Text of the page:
Delayed reaction to Whitney’s passing

I was never a big fan of Whitney Houston. Of course she had an amazing voice but I always found the act a bit too slick. But there was one unforgettable exception.

I was a bartender in Vieques -a little island off the coast of Puerto Rico, for 6 months in 1990. At the time two thirds of it was used as a military base for all kinds of training and maneuvers. On weekends the soldiers were allowed to come into Esperanza and many of them hit the bars to get royally blitzed. I got to know quite a few of them -they were kids 19 20-I think the oldest of them were no more than 25. They’d get zonked on Mind Erasers and get picked up by a transport vehicle that would take them back to the base. They were respectful,fun and I liked them a lot.

A year later I’m back in Vieques at the bar just after the outbreak of the Gulf War. I’d been told that a lot of the guys from the Vieques baseĀ  were now there on the ground and I was thinking of them. The Super Bowl .was about to start and Miss Houston sang the National Anthem.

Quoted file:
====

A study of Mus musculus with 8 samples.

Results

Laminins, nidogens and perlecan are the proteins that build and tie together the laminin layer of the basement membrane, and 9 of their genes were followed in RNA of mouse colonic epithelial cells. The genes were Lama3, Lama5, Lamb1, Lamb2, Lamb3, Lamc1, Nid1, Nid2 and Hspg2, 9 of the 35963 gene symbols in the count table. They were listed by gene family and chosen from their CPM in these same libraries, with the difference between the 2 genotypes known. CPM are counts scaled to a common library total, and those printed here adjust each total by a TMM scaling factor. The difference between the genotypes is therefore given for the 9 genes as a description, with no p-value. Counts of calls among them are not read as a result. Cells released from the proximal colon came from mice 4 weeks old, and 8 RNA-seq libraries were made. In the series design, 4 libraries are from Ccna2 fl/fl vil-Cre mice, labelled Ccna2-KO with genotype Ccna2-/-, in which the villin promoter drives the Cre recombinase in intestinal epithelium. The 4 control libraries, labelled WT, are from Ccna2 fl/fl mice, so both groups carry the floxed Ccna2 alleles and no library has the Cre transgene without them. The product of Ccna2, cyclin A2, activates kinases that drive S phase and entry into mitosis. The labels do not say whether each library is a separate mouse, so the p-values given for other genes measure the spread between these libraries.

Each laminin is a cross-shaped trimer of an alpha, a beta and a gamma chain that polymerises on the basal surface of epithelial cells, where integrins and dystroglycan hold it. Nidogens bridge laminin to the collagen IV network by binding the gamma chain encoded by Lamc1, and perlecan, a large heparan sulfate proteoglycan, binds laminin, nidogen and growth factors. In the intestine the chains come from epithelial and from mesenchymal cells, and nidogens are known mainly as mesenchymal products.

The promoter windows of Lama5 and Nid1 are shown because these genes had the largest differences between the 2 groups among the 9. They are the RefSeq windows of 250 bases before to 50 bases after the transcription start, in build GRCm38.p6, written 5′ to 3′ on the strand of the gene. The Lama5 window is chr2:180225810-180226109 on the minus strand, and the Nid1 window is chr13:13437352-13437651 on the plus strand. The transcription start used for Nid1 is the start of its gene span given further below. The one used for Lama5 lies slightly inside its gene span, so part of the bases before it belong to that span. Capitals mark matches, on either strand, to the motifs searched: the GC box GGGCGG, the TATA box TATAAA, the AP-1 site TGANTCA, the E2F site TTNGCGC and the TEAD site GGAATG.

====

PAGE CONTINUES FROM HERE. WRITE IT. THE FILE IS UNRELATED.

For those moments her voice touched the ears of God. For those moments every parent of an enlisted child sent their own soul to protect their loved ones. For those moments I thought of every one of the kids I’d met the year previous and prayed for their safe return.

In the midst of a massive production with jets flying overhead hers was the magnificent voice of humanity and it could not have been more perfect. I’ll remember her for that. She was never better.


One thought on “Delayed reaction to Whitney’s passing

  1. Nicely said, Ross. I love the way you connect the personal to the global. It’s not a war; it’s a bunch of kids zonked on Mind Erasers out in danger. It’s not the superbowl halftime show; it’s one woman singing, and it’s a whole world in need of comfort and healing. Bravo.